I admit, waiting challenges me. Waiting with patience? Well. . . though I try to appear patient, the wide-eyed anticipation on the face of the keyed-up kitty in the above photo expresses my feelings far more accurately. I still remember an incident from my childhood when I was forced to “wait with patience”.
Standing in my parent’s bedroom, I could hear my mom in the kitchen helping my little brother Jon count outloud. My siblings and I were playing hide and seek; I was looking for the perfect place to hide.
I spotted the freestanding cedar closet! No one would think to check there on a hot summer afternoon. I carefully opened the screechy, protesting door and peered inside.
The usual assortment of winter coats, along with Dad’s old army uniform, hung neatly on the metal bar at the top. Heavy blankets covered the floor of the fragrant closet.
Climbing inside, I was scrooching around trying to get comfortable, when I felt a lump in the blankets. Reaching underneath, I pulled out a book. Before I could get a good look at it, I heard my brother shout, “Ready or not, here I come!”
I quickly pulled the door shut and settled in behind the clothing.
Waiting in the total darkness, I felt the book all over—spiral-bound, glossy cover and pages, not too thick. I squinted my eyes to read the title but couldn’t. I wondered why someone would hide a book in the cedar closet.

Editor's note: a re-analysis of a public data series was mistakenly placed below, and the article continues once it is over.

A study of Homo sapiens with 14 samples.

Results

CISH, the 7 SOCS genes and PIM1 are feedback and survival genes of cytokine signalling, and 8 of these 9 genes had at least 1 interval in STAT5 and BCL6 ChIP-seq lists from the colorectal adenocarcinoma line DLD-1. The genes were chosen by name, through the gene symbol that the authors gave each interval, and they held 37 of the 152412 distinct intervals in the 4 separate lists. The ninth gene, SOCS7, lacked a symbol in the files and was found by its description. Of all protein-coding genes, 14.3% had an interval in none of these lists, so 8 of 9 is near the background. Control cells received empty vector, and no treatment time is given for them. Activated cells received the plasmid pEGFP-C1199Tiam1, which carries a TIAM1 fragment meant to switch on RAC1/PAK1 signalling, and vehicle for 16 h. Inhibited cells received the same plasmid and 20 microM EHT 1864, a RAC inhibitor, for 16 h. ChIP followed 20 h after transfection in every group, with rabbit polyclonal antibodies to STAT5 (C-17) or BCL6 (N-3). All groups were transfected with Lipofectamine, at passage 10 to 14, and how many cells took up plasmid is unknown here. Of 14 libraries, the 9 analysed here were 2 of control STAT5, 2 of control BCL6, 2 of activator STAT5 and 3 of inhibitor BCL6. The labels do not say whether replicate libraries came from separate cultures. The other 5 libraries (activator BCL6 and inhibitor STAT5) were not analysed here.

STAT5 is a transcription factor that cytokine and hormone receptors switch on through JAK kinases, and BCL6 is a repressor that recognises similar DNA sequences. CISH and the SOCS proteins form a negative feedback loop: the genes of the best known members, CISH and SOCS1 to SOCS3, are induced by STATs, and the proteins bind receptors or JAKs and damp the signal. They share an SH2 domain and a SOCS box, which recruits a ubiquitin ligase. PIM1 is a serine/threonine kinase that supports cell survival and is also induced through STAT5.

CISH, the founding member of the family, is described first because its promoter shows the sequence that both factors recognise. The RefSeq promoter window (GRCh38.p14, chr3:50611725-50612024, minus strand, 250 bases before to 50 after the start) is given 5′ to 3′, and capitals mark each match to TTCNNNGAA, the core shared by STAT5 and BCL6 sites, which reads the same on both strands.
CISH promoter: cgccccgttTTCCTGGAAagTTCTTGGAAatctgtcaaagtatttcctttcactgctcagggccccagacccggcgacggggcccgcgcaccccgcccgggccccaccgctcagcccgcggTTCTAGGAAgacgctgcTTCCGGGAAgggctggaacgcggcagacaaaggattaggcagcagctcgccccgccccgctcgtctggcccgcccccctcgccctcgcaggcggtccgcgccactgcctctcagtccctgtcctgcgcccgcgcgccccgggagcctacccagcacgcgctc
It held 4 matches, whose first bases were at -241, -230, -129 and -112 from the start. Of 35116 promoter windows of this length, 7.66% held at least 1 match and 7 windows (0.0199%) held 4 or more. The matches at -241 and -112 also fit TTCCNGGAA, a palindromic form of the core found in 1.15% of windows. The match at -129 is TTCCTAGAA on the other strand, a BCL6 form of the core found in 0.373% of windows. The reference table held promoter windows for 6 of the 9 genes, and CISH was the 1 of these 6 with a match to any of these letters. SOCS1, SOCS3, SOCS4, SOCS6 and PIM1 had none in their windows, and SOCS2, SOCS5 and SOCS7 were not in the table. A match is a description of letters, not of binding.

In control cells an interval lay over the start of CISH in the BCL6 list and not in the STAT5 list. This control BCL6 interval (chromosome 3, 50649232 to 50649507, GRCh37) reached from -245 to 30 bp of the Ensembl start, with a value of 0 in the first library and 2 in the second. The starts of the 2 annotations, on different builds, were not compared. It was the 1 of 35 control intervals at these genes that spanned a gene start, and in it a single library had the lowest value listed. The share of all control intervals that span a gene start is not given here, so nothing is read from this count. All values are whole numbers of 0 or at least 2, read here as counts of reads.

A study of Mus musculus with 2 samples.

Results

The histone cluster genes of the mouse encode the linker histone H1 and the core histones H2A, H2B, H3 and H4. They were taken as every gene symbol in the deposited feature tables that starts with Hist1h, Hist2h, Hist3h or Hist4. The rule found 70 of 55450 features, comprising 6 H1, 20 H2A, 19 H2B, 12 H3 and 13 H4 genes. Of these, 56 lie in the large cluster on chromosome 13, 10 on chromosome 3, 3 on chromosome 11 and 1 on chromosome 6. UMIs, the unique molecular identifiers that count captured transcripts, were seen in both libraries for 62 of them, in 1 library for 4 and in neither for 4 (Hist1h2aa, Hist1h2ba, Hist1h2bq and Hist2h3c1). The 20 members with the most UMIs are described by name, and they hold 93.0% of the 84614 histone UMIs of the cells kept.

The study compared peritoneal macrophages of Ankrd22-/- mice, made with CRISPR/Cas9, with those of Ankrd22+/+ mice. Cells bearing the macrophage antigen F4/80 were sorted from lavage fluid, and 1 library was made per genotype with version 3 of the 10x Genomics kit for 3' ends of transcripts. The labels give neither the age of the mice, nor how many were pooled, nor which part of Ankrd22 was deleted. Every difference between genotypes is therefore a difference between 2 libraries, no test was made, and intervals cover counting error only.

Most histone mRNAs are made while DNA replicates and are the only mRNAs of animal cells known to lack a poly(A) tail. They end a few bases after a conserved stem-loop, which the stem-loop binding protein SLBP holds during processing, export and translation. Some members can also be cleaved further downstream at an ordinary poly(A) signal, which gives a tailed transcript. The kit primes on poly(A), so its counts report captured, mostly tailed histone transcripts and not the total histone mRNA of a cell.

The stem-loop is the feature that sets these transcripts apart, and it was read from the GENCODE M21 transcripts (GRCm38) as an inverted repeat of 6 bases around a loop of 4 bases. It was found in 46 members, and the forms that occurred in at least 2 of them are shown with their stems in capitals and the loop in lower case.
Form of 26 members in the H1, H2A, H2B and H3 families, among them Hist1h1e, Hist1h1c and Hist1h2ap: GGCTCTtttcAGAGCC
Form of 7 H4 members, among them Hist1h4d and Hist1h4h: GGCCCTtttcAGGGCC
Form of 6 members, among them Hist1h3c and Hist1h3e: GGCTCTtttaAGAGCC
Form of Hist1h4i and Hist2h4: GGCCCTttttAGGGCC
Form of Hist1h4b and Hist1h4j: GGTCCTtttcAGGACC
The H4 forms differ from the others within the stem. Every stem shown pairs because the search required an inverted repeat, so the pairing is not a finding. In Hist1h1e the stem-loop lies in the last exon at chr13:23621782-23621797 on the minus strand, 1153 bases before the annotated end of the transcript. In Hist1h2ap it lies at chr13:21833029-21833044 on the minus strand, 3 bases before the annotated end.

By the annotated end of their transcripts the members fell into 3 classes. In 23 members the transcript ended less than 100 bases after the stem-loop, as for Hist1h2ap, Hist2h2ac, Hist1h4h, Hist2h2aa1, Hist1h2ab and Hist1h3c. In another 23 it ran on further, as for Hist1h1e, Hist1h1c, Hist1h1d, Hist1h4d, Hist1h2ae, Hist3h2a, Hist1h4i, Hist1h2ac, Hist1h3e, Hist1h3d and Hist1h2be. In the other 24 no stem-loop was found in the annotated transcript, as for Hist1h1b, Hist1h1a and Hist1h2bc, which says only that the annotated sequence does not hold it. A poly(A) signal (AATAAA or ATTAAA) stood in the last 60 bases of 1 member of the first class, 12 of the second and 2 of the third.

Just as I considered moving closer to the light seeping in around the door, I heard my brother enter the room. I kept completely still, holding my breath when he opened the closet door and peered inside. My mother’s long winter dress coat secreted me from view. Jon only took a quick glimpse before slamming the door and running out of the room to search elsewhere.
The door now stood ajar. With my brother busy for the moment, I took the opportunity to read the title: Betty Crocker’s Cook Book for Boys and Girls.
Why was a kids’ cookbook hidden in my mother’s cedar closet in August? My sister’s June birthday had just passed and mine wasn’t till March. Jon’s birthday was fast approaching, but he couldn’t even read, let alone cook! And Christmas was months away!
Unable to wait any longer I climbed out of the closet, clutching the book to my chest. Completely forgetting the game, I ran downstairs to question my Mom about my discovery.
“Look at the book I found in the cedar closet. Whose is it? Why was it in there?”
Hands on her hips, Mom rolled her eyes and asked irritably, “Do I have to stick everything up my butt to keep you kids from finding it?”
Immediately on the defensive, I retorted, “I wasn’t looking for it on purpose! We were playing hide and seek! When I hid in the cedar closet, I found it under the blankets. Whose is it anyway?”
“Yours!” she stated, blowing out her breath in frustration. “It was supposed to be for Christmas!”
I stared at her in wonder. Mine? For Christmas?
“Cool! Can we make something out of it for lunch?” I asked, flipping through the pages and loving the new-book smell that wafted up.
Finally noticing that Mom wasn’t answering, I glanced up. Uh oh. Mom was not happy. I asked, “Or . . . should I . . . put it back?” thinking how nice it would be if she told me I could just keep it.
“Yes!” she said, stirring the pan of spaghetti sauce a bit too vigorously. Wiping the dishcloth over the top of the stove, she added, “You’ve ruined the surprise, but you’re still going to have to wait till Christmas to read it.”